October 5, 2020
Michelle Chambers
Michelle Chambers

What prompted you to want to teach others? How did you get started?

I had been working in a greenhouse in Peterborough and they approached the owner to say they needed someone to teach horticulture at the high school. I had been teaching turf management for the Apprenticeship Program up in Haliburton and thought, ‘wow, I would love that job.’ I love plants, and I like teenagers, so it sounded absolutely wonderful. At the time, I wasn’t a teacher, so I went through the training.

How did you get involved with the educator associations?

I met Terry Murphy (from Landscape Ontario) staffing a display and said we needed to connect. Wendy Peters had started the process of connecting up the teachers with Terry and I think I became the secretary.

How does your involvement with these groups help you and your students?

Connecting with other teachers is so helpful because you get great ideas. It provides you with support. Another colleague will help you or just give you an idea on some good projects to work around a different theme or idea. To have another organization where I can throw out ideas and collect lesson plans from other teachers, it keeps you relevant and pushes you to keep learning — that’s something you always have to do in this field. If there’s one life lesson I’ve learned, it’s don’t do this alone. Don’t teach in a bubble. You’re always stronger when you are together.

What do your students gain by visiting Congress or Canada Blooms?

It certainly opens their eyes to how big the industry is. I don’t think they realize how diverse it is until they walk through the doors — everything from sellers of peat moss to heavy equipment to different kinds of designs, including landscape and floral designs.

As an educator, what is your proudest or most memorable achievement?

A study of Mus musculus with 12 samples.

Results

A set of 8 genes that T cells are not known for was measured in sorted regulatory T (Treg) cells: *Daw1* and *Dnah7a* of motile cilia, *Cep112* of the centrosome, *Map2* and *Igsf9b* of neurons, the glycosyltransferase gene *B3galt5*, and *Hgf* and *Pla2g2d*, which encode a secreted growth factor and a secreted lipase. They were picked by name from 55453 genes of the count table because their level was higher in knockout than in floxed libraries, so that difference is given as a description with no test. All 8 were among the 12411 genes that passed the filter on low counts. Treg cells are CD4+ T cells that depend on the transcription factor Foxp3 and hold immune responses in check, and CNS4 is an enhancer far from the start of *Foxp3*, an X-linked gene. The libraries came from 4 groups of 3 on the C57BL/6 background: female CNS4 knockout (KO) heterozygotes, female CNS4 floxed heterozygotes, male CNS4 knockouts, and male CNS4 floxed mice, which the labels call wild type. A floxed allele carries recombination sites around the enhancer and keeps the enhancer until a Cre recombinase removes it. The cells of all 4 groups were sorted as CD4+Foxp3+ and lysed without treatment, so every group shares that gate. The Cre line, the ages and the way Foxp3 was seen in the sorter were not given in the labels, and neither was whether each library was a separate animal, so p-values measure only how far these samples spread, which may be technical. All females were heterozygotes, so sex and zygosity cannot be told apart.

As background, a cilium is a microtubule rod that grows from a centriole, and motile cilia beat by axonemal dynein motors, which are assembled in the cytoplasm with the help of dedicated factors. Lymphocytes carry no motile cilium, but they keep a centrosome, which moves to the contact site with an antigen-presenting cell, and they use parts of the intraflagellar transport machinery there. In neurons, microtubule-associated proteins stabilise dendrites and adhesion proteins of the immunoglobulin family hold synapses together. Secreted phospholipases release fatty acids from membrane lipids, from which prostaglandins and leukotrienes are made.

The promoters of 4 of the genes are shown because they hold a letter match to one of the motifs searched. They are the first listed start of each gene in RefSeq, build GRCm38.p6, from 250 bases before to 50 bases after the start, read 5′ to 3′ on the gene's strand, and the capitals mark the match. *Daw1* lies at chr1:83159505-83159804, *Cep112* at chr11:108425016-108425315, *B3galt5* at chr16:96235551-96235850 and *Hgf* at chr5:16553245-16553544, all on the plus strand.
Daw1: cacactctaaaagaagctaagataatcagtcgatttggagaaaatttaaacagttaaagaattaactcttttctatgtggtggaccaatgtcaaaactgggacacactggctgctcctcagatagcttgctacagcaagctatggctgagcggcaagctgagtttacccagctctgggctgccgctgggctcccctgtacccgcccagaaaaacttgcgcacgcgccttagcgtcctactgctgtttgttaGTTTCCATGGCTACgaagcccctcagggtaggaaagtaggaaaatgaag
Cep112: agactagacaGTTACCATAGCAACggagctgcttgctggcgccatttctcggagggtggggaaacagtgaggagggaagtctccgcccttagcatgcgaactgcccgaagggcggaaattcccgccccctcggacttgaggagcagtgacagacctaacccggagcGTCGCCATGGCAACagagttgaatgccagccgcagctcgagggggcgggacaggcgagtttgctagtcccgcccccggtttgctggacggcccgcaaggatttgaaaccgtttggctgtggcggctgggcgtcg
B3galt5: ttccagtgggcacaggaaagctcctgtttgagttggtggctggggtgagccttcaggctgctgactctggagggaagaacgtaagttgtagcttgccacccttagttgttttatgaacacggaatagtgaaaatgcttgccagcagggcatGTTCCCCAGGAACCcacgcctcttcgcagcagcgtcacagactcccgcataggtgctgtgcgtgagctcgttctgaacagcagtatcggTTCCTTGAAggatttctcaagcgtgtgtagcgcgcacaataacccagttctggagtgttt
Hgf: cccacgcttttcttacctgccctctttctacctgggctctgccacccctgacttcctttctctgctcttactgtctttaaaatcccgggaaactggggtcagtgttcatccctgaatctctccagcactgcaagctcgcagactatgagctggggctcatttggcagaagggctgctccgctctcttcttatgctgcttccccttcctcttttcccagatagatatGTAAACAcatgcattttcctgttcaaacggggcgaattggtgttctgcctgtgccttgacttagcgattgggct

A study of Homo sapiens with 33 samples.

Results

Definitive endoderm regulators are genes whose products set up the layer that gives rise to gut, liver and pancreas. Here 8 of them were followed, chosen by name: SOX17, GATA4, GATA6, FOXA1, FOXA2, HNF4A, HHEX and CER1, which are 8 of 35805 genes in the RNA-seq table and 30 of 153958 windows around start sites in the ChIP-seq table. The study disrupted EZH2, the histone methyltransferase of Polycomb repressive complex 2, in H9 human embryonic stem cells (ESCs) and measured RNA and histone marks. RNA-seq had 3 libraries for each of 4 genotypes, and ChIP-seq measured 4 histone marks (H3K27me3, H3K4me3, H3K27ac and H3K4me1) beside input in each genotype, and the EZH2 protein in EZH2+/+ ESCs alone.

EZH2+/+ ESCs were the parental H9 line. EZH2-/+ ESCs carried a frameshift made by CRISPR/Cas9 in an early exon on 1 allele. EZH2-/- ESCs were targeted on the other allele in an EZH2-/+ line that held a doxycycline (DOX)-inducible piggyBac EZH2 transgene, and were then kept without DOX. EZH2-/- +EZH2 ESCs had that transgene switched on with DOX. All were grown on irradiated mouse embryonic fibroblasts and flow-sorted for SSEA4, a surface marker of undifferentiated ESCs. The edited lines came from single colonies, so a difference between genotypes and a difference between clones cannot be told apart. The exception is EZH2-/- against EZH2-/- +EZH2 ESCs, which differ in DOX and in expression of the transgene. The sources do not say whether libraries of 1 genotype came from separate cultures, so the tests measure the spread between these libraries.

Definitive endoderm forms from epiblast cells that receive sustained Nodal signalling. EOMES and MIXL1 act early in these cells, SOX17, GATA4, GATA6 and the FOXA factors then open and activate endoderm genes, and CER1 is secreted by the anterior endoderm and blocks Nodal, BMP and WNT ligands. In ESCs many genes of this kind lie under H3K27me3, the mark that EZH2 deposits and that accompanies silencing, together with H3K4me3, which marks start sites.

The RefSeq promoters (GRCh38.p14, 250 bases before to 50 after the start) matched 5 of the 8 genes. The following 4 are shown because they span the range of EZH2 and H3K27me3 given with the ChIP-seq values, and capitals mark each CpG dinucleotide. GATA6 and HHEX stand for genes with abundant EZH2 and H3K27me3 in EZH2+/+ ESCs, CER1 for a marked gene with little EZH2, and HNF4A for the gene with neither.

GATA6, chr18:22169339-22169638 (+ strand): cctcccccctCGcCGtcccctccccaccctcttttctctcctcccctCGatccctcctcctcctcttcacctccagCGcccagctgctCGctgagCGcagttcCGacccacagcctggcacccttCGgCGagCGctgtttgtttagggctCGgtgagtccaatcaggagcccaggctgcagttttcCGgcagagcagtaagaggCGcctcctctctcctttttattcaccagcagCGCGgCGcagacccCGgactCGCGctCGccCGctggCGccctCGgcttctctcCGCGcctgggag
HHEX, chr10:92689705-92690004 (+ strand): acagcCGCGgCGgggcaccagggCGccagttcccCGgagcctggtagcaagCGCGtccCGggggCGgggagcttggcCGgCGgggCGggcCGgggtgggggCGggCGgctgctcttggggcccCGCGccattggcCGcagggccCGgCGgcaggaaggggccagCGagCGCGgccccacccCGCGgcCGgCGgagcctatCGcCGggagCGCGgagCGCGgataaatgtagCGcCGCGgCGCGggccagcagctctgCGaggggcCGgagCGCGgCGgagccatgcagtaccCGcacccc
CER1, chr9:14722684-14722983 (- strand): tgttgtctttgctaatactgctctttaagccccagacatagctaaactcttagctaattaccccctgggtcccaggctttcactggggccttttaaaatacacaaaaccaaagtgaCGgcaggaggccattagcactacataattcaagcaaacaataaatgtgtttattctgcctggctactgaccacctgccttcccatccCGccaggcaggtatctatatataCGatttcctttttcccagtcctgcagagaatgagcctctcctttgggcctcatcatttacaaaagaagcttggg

I’ve had a lot of them. I do lots of fun things. We have a greenhouse that we take out of production which makes for a big open space. The kids then design a mini-putt with a beginning, a middle and an end. We have a lot of landscape bricks, water gardens, and artificial turf, and at the end, they can play mini-putt, so there’s that sense of accomplishment.

What is one life lesson you try to teach others, so they can avoid making your same mistake?

Always check for wasps is a good one. Teenagers don’t know if they are allergic to wasps until they’ve got stung. Teenagers are wonderful. They are inquisitive. But you always need to be aware of the environment. You’re dealing with the environment that has variables that you can not control and you have to teach them how to be aware of that.

What is the best part about teaching?

I think it’s that awe moment when the kids fall for what we are doing. Whether it’s growing plants or planting a tree, you can see it happen. You can see them get hooked. And that’s pretty cool.

What is the hardest part about being an educator?

You are always on. Teenagers are new to all the skills. They are new to safety and the terminology and you have to balance all of that. You can’t be too wordy and you’re constantly thinking ahead. You have to make sure it’s all ready and in a language that they understand what you are talking about.